On Sunday, September 15 of 1963, the 16th Street Baptist Church was the site on a White Terrorist bombing, resulting in the deaths of four African American girls – Addie Mae Collins, Cynthia Wesley, Carole Robertson and Carol Denise McNair.
In addition to the four deaths, there were at least 22 other people who were injured from the church bombing in Birmingham, Alabama. Eventually, there were four white men who were charged with the crimes, but legal proceedings didn’t begin until 1977, which only convicted one of the men who planted the bomb. Two of the other men were not charged (and subsequently found guilty) until 2001and 2002. The fourth man involved in the murder of the four girls died in 1994, before having been charged.
It is important to note that the 16th Street Baptist Church was a major place of organizing, especially in the spring of 1963, with student organizers and the Southern Christian Leadership Conference using the church as a base for their work. A powerful documentary of the church bombing, entitled 4 Little Girls, was directed by Spike Lee.
Grand Rapids marches in response to Birmingham church bombing
One week after the bombing that took place at the 16th Street Baptist Church, demonstrations and marches took place all around the country as a sign of collective morning against this act of terror.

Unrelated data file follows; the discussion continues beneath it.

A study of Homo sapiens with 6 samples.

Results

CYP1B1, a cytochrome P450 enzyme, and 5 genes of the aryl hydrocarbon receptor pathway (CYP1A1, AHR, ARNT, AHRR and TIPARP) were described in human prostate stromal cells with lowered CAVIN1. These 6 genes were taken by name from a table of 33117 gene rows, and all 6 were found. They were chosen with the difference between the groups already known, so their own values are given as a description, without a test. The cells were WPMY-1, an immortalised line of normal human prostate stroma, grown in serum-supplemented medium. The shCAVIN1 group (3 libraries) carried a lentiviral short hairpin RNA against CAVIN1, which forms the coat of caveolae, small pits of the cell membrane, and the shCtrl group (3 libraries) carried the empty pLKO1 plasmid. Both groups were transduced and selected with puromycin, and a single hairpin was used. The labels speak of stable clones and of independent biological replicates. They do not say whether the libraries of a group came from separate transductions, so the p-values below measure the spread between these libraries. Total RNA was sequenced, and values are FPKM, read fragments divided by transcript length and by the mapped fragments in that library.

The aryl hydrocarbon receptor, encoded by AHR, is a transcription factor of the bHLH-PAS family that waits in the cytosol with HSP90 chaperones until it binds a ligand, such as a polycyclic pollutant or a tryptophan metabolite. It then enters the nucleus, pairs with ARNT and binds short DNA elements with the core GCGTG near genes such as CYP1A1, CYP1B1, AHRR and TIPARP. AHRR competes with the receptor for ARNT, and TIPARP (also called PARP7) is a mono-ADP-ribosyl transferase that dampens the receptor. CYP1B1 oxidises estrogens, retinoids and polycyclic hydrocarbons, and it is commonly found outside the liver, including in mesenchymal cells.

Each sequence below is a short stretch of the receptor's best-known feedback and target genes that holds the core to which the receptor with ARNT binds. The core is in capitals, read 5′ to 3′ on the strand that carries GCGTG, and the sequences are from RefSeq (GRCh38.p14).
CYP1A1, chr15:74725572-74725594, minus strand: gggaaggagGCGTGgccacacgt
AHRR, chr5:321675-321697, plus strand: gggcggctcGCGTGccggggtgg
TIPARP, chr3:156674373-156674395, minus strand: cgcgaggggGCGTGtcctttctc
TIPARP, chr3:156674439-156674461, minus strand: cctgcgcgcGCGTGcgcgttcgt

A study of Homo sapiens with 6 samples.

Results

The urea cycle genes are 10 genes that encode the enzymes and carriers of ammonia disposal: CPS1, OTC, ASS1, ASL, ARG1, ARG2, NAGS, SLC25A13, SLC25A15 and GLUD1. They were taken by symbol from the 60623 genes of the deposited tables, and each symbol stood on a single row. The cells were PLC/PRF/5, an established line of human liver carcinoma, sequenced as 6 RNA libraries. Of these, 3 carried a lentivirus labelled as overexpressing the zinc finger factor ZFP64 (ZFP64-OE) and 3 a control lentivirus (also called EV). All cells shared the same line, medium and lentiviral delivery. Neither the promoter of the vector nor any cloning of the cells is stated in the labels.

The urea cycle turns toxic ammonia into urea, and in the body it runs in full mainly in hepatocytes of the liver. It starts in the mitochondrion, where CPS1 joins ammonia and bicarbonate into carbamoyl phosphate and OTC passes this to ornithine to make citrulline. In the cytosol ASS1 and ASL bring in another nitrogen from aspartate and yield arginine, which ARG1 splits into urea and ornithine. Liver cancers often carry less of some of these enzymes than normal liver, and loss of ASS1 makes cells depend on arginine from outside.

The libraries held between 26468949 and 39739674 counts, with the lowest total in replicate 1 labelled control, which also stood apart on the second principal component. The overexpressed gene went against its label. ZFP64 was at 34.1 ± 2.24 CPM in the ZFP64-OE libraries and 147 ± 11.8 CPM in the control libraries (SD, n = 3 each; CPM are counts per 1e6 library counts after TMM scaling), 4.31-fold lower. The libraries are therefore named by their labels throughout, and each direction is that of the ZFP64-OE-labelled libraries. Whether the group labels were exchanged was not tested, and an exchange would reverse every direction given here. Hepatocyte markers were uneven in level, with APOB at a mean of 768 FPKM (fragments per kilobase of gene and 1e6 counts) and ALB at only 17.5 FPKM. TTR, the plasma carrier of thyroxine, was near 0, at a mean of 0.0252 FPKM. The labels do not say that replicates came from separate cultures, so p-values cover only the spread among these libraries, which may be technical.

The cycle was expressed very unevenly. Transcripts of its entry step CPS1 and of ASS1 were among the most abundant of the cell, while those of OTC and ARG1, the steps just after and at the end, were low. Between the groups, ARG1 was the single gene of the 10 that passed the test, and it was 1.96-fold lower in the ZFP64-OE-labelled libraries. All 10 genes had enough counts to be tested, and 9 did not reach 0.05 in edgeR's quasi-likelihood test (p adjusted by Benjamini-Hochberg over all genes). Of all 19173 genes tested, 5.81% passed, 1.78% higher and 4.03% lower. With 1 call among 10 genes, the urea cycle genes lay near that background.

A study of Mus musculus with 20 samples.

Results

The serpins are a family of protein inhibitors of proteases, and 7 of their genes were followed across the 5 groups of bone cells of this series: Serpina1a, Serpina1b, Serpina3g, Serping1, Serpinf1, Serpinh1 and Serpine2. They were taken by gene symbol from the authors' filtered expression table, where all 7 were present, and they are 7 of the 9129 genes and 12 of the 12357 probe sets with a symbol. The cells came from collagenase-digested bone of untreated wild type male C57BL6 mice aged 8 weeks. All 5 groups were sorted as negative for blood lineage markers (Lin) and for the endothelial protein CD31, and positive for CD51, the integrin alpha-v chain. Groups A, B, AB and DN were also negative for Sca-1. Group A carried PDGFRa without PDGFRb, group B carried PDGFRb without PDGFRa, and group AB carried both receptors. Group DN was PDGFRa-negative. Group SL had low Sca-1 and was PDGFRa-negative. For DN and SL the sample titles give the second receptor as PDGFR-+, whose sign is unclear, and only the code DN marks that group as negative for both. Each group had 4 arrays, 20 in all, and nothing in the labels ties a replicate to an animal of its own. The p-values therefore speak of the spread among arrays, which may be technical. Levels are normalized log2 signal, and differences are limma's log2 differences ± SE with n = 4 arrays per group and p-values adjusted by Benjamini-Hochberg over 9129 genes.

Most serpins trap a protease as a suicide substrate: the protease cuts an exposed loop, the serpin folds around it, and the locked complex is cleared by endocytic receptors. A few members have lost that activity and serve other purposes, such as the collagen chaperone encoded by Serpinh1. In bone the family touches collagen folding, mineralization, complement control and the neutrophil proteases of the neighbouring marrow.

The Grand Rapids Press reports that an estimated 3,000 marched from the Southeast part of Grand Rapids and ended up downtown in front of city hall.
You can see how the headline read, which reflected that even though the violence the march was commemorating was against black people and primarily organized by black people, the participation by White people merited the focus of the headline.
Those who organized the march had lined up people in rows of seven, mostly by organizational affiliation. The march was a silent march, only a few speeches and prayers were offered at the end, when the marchers had reached city hall.
Two things stood out to this writer, when reading the Grand Rapids Press article. First, the Rev. W. L. Patterson, with True Light Baptist Church, made this comment to the white people who marched that day. He said, “You have marched with us today, but please march with us tomorrow because we need jobs and places to live right here in Grand Rapids.”
Patterson’s comment made in clear that what the black community was asking the white community was for them to stand with them in the struggle for economic equality and housing justice, which the black community had been struggling to achieve, based on reports from the Urban League in 1940 and 1947, which we have cited in previous postings.
The second comment cited in the article that stood out was a comment from Rev. Hugh Michael Beahan, a Catholic priest. Beahan stated, “Those of us who are accidentally white must be a little careful about our righteous indignation. We should see if our hands are clean – maybe too clean because we never lifted a finger.” Essentially, Beahan was calling out his fellow white community members for not doing anything to fight against segregation, institutionalize racism and white supremacy.
The Grand Rapids Press article also states that the march was quiet and “never came close to getting out of hand.” Such an observation reflects the inherent bias of the Press reporter. You can read the entire article at this link.